Readers of Cervantes’ Don Quixote come away wanting one question answered: Is Don Quixote sane? The following is a detailed account of Quixote’s visit with a psychiatrist upon his return to his village. This incident was apparently not recorded in the original novel for fear that Quixote’s reputation might be tarnished. Documentation of his visit was recently recovered by researchers who discovered the incident in a psychiatrist’s manuscript. The practitioner was evidently very interested in the meeting as he transcribed the conversation word for word. The recovery of this important information reveals some shocking revelations about Quixote’s state of mind. The psychiatrist’s analysis of Don Quixote’s personality allows the reader to understand the rationale behind his behaviors. Quixote’s hallucinations, megalomania, paranoia and evident mid-life crisis are analyzed to determine his sanity.
Psychiatrist: Welcome, Mr. Quixote. Please be seated.
Quixote: My title is Don Quixote de la Mancha, but you may call me Don Quixote.
Psychiatrist: Very well, Mr. Quixote. Now tell me, what is it that brings you here?
Quixote: It all started about a couple of months ago when I began having these hallucinations.
Psychiatrist: Yes, I do recall that I read a certain exploit of yours in which you attacked a windmill. Is that correct?
Quixote: Aye, sir, windmills. But they were giants! They were giants as plain as day!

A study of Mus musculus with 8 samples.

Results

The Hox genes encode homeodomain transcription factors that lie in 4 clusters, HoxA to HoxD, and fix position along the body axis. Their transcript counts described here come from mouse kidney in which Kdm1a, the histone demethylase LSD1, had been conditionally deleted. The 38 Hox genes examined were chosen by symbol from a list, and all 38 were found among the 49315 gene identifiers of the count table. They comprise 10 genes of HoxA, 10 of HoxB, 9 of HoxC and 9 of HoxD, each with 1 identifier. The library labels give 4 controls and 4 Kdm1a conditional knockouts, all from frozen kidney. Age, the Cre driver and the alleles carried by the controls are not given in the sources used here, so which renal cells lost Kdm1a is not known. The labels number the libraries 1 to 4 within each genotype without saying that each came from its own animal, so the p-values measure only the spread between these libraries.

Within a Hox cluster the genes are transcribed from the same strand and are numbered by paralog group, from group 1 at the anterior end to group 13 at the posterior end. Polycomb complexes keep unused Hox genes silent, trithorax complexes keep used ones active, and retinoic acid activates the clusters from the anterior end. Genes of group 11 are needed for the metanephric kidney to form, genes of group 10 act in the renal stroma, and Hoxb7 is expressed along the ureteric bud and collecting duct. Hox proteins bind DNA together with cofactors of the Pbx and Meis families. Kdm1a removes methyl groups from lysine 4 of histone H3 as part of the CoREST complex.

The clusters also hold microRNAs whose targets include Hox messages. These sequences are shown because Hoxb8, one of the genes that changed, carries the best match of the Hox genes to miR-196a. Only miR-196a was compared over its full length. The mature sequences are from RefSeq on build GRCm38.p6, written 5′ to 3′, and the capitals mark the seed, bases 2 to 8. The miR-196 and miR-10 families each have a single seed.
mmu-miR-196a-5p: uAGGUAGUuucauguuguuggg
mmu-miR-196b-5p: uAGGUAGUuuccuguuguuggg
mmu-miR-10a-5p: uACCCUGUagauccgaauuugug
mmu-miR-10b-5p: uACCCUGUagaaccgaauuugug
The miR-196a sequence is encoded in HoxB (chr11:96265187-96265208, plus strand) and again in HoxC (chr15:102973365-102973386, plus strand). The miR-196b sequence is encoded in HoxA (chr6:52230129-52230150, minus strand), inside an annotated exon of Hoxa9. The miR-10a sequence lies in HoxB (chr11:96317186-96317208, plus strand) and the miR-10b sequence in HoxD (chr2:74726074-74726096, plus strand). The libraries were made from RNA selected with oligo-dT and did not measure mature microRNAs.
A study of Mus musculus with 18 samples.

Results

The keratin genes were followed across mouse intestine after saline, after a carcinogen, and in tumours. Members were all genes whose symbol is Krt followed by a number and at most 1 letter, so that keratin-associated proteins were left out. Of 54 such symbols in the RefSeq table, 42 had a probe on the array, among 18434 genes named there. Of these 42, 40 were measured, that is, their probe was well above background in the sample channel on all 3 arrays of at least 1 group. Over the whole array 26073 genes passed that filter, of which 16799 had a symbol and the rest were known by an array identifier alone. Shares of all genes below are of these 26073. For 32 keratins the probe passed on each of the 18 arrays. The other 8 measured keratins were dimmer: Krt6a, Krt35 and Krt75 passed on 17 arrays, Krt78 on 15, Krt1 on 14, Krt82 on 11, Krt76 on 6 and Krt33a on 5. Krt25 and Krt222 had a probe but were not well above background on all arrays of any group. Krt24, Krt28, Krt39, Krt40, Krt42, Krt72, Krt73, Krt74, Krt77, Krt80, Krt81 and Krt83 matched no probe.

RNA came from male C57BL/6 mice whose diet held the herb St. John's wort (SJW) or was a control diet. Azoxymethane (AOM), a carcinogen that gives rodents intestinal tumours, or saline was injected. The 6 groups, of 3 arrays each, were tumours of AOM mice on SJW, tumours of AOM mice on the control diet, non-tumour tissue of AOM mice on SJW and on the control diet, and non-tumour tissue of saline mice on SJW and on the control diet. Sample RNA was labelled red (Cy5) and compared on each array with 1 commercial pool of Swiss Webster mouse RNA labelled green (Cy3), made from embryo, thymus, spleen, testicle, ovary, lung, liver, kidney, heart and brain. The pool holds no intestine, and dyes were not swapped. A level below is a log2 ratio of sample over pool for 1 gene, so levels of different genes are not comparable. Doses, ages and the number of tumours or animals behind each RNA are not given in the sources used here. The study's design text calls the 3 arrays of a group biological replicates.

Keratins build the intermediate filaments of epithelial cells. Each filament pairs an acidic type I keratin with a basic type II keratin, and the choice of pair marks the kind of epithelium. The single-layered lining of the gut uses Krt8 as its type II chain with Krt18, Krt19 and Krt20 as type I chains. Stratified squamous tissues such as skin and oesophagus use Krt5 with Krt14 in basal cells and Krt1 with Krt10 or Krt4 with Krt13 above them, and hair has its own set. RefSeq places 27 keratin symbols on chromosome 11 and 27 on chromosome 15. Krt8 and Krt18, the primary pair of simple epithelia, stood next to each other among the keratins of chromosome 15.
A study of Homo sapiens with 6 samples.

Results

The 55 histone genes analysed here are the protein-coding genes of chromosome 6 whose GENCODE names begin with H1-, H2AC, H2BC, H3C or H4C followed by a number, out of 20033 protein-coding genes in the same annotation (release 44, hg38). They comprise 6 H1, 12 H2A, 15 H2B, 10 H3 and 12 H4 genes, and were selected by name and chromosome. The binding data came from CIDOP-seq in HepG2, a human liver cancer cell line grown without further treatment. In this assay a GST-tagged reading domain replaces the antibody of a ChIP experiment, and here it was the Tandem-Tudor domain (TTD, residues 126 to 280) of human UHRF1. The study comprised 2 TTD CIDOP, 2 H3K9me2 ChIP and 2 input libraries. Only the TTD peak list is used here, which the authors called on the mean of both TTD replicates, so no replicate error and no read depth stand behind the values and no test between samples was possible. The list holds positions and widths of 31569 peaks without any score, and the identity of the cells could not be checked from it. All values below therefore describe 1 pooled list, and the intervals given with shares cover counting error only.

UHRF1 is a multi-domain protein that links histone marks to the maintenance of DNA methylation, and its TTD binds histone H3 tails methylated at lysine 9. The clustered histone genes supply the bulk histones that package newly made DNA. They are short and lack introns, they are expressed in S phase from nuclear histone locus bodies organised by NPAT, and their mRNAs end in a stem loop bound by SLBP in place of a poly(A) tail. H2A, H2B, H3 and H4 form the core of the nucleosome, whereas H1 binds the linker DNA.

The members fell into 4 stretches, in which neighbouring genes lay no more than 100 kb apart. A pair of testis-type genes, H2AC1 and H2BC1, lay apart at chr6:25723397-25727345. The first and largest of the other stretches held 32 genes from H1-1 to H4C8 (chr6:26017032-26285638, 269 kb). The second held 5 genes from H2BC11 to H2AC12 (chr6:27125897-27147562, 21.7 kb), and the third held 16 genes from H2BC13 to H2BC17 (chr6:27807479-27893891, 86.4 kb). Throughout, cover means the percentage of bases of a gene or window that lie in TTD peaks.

Psychiatrist: I see.... Well perhaps this was just a quirk of nature.
Quixote: Well, actually, sir, every time I see an inn, I mistake it for a castle.
Psychiatrist: Hmmmm. This is indeed bizarre. Have you been getting sufficient sleep?...
... middle of paper ...
...knight errantry, Quixote was searching for meaning. His quest for a purpose in life follows a universal tendency. Viktor Frankl dramatizes a modern view of the quest in his book Man's Search for Meaning. He recounts his struggle to survive and find personal meaning while enveloped in the horrifying depths of a Nazi concentration camp. Frankl was forced to look within to discover meaning in his existence. Quixote mistakenly searched for meaning in life through outside means. Though reasonably sane, Don Quixote lost touch with reality in his search for meaning as he became enveloped in the fanciful world of knight errantry.
Cervantes, Miguel de. Don Quixote. Trans. J. M. Cohen. London: Penguin, 1986.
Frankl, Viktor. Man's Search for Meaning. Trans. Ilse Lasch. Boston: Beacon, 1963.
Roediger, Henry L. Psychology. New York: HarperCollins, 1991.